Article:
L.I. Hospital Installs Cameras to Make Sure Staffers Wash Hands

North Shore University Hospital said the measure has cut down on patient infections

It’s nearly impossible to escape the all watching eye of big brother these days. Whether it be red light cameras, or neighborhood surveillance, smiling for a close-up has become an accepted part of everyday life. But now one Long Island Hospital is volunteering to take surveillance to another level in an effort to clean up hospitals around the world.

"There's a sensor over the doorway and as you cross the sensor, it will turn on and that will immediately turn on the camera," explained Dr. Erfan Hussain as he took a reporter on a tour North Shore University Hospital's video camera-rigged intensive care unit.
The units 39 camera's focus on every sink and hand dispenser in order "to make sure doctors and nurses are washing their hands," said Hussain.
Hussain is one of dozens of doctors and nurses who's every hand-washing move is monitored around the clock. And for good reason. Most doctors weren't properly washing their hands.

"When you speak with any doctor they agree that this is something everyone should absolutely do, but because of time, energy, busyness -- sometimes gets missed," said Hussain.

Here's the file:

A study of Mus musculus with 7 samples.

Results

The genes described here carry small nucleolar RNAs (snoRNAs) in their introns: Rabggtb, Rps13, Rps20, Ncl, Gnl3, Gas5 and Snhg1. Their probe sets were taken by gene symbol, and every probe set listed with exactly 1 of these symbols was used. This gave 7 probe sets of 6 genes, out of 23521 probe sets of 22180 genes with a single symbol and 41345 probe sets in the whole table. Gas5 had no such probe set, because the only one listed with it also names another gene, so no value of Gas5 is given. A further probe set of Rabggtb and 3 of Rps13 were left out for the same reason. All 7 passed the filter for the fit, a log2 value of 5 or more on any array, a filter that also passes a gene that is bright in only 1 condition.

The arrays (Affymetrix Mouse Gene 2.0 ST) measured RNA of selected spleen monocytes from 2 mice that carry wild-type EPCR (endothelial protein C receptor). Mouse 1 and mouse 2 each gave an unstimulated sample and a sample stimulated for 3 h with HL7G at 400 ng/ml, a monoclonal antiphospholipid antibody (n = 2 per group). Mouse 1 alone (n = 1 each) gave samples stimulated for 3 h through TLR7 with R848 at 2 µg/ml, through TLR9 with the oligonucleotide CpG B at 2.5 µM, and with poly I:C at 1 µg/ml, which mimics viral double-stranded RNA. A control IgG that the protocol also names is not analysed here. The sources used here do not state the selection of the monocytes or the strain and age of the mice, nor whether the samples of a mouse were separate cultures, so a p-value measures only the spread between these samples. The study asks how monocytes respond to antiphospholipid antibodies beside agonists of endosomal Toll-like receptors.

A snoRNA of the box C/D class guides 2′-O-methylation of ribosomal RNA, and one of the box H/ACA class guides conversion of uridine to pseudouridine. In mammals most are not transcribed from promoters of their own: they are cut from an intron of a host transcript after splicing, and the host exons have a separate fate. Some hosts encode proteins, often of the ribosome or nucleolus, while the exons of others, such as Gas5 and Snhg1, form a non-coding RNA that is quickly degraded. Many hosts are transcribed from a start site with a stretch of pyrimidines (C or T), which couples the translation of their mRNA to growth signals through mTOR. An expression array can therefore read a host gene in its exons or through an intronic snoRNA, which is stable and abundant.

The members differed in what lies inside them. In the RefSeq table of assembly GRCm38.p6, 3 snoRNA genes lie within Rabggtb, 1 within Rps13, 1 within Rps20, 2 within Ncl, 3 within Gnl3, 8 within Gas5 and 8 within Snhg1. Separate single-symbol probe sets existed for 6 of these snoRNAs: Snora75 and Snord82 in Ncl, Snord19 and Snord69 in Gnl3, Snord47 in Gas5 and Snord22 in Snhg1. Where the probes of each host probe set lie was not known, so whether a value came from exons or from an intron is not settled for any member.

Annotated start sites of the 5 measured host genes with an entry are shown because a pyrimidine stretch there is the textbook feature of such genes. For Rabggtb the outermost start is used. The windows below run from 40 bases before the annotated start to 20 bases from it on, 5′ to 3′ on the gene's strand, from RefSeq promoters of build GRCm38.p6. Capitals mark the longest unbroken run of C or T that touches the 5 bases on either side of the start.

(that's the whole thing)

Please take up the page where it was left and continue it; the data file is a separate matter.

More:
In 2008, North Shore doctors were found in their own study to only wash their hands properly less than 10% of the time. Bad hand hygiene is an issue at hospitals across the country. According to the Centers for Disease Control, every year nearly two million Americans get an infection in a hospital, resulting in over 90,000 deaths.
While it's nearly impossible to connect dirty hands to increased infections, the health care industry hopes North Shore's approach could be a solution. Hospital officials say that's one of the reasons they chose to go on camera.

Arrowsight, the company that provides the surveillance, originally developed the technology for meat packing plants, and found received overnight results.  Some of the hospital cameras were manufactured by General Electric, which is a part-owner of NBCUniversal.
Each hospital camera records 24 hours a day, seven days a week. "There was some concern being videotaped, again the Big Brother issue. But when we spoke with everyone and asked do you agree everyone should be hand washing, they said 'Yes'," said Dr. Hussain. 

All of the video is fed half way around the world to an office in India where men and woman monitor the footage around the clock. Patients are not filmed and no toilets are ever seen. Feedback is sent in real time to message boards in the intensive care units. The results have been dramatic. Today North Shore doctors properly wash their hands on average 90% of the time. Infections have also decreased though an exact percentage was unavailable. And for those caught dirty handed?
"No one's been fired, no one’s been written up but there have been one-on-ones," said Donna Armenellino, the head of the hospital's Infection Prevention unit.

These electronic eyes are now being installed in a hospital in San Francisco and London.